As they reflect on the Oklahoma City bombing--the deadliest domestic terrorist attack in American history--many commentators are casting a wary eye at today's rising anti-government sentiment. These writers include former President Bill Clinton, who warns that "the current climate" risks another incident of violence, which would cross "the bright line that protects our freedom." Some are reading that as a warning about the resurgent militia movement, while others are accusing Clinton of a veiled reference to the Tea Party movement. Here's what he and others are saying about whether there are parallels between the anti-government militancy of the 1990s and of today.

  • Clinton: The Dangers of Stoking Fear  He writes in the New York Times, "We are again dealing with difficulties in a contentious, partisan time. We are more connected than ever before, more able to spread our ideas and beliefs, our anger and fears. As we exercise the right to advocate our views, and as we animate our supporters, we must all assume responsibility for our words and actions before they enter a vast echo chamber and reach those both serious and delirious, connected and unhinged. ... In the current climate, with so many threats against the president, members of Congress and other public servants, we owe it to the victims of Oklahoma City, and those who survived and responded so bravely, not to cross [the line] again."
  • Pew: Gov't Distrust Spiraling  A Pew report finds "a perfect storm of conditions associated with distrust of government – a dismal economy, an unhappy public, bitter partisan-based backlash, and epic discontent with Congress and elected officials." They note many worrying statistics, including, "Just 22% say they can trust the government in Washington almost always or most of the time, among the lowest measures in half a century."
  • Poll: 24% of Tea Partiers Approve Violence  The Nation's Gregory Mitchell notes, "On McVeigh day, worth remembering that the NYT/CBS poll found 1 in 4 tea partiers saying violence against gov't can be justified." According to the poll, 24% of self-identified Tea Party members answered yes when asked, "Do you think it is ever justified for citizens to take violent action against the government?"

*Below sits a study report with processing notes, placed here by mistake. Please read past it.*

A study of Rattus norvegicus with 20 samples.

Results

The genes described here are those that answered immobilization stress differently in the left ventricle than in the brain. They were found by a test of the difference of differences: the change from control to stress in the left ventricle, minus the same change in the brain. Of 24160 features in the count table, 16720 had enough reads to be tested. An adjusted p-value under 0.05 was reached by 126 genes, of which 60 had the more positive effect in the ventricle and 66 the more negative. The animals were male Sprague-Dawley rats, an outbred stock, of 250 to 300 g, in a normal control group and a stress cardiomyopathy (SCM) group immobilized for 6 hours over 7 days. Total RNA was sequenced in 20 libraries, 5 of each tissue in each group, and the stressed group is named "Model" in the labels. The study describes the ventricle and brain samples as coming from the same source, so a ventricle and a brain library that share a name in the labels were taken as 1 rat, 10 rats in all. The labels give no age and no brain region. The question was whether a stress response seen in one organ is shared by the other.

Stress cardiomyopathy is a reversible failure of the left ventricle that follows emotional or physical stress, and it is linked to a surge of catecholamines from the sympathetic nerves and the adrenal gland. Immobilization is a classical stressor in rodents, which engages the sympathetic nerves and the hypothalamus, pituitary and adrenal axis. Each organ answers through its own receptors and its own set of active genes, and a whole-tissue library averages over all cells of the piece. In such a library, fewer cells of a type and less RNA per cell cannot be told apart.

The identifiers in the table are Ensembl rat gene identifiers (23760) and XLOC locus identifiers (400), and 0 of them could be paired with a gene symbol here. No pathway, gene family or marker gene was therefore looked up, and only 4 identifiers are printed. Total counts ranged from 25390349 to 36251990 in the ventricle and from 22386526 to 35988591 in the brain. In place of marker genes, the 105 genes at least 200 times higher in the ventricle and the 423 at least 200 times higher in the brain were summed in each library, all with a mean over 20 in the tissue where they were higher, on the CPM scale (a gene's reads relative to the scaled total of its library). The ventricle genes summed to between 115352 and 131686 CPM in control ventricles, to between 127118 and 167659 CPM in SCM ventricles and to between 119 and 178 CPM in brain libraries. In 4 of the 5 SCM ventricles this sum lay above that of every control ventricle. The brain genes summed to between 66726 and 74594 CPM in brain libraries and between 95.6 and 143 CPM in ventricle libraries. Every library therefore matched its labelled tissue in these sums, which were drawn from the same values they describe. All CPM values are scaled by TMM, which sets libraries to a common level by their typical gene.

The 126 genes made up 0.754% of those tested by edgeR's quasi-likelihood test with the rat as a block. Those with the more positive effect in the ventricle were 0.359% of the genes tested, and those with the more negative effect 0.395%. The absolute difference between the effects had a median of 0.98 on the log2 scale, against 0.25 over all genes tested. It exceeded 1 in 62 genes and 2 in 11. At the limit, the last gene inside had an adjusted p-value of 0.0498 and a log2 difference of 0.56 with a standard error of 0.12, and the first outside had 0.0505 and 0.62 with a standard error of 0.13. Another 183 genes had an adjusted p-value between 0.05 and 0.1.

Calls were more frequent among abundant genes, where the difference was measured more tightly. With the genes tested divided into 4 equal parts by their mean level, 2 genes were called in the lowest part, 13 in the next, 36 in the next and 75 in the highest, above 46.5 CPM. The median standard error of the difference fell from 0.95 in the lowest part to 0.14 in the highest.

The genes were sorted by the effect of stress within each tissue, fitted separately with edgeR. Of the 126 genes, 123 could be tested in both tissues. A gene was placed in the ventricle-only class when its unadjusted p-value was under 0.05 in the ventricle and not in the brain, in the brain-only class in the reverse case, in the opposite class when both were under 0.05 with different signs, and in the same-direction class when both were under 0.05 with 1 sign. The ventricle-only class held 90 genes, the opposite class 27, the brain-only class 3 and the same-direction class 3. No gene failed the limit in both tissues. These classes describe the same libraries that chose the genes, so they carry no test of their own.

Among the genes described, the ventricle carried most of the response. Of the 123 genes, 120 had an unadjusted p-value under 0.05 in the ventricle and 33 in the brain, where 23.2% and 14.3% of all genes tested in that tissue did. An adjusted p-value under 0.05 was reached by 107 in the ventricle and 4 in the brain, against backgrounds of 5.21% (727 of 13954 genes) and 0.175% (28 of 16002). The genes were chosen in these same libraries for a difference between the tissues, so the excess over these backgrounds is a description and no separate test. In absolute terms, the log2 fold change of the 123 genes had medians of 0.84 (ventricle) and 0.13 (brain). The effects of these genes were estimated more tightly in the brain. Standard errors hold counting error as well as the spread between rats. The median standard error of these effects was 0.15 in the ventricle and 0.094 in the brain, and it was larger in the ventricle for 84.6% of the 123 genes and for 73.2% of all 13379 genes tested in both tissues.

• Today Not As Bad--But It Could Be  Time's Mark Halperin writes, "The atmosphere today may be less poisonous by some measures, but it still should cause grave concern. The combination of the nation's severe joblessness, an incumbent President who has, in some ways, become more polarizing than his two predecessors, 'an enormous psychological disorientation' (in Clinton's words), and a new-media age that spreads the most inflammatory language wider and faster than before, has set off a new round of alarm bells. Waco and the McVeigh bombing may have been instigated by sociopaths and madmen, but they nevertheless served as a manifestation of the rising polarization that turned healthy political debates first into violent talk and then into violent behavior."
  • The Common Thread  Politico's Aitan Goelman writes, "This vitriol was fanned by incendiary sentiments from relatively mainstream figures on the right. They explicitly encouraged nutty theories about Clinton and his administration, including crackpot theories blaming him for the 'murder' of Vincent Foster. There are striking similarities between the tenor of that political discourse and today. Again, we have a relatively liberal president who is despised and feared by the far right. Again, we have controversial legislation described in apocalyptic terms by some mainstream conservatives."
  • Don't Confuse Tea Party With Militias  The Plum Line's Greg Sargent shrugs, "Media obsession with the Tea Party distorts our political discourse and grotesquely inflates the movement’s relevance and historical significance. But the 'militia movement' is much, much angrier than the Tea Partiers."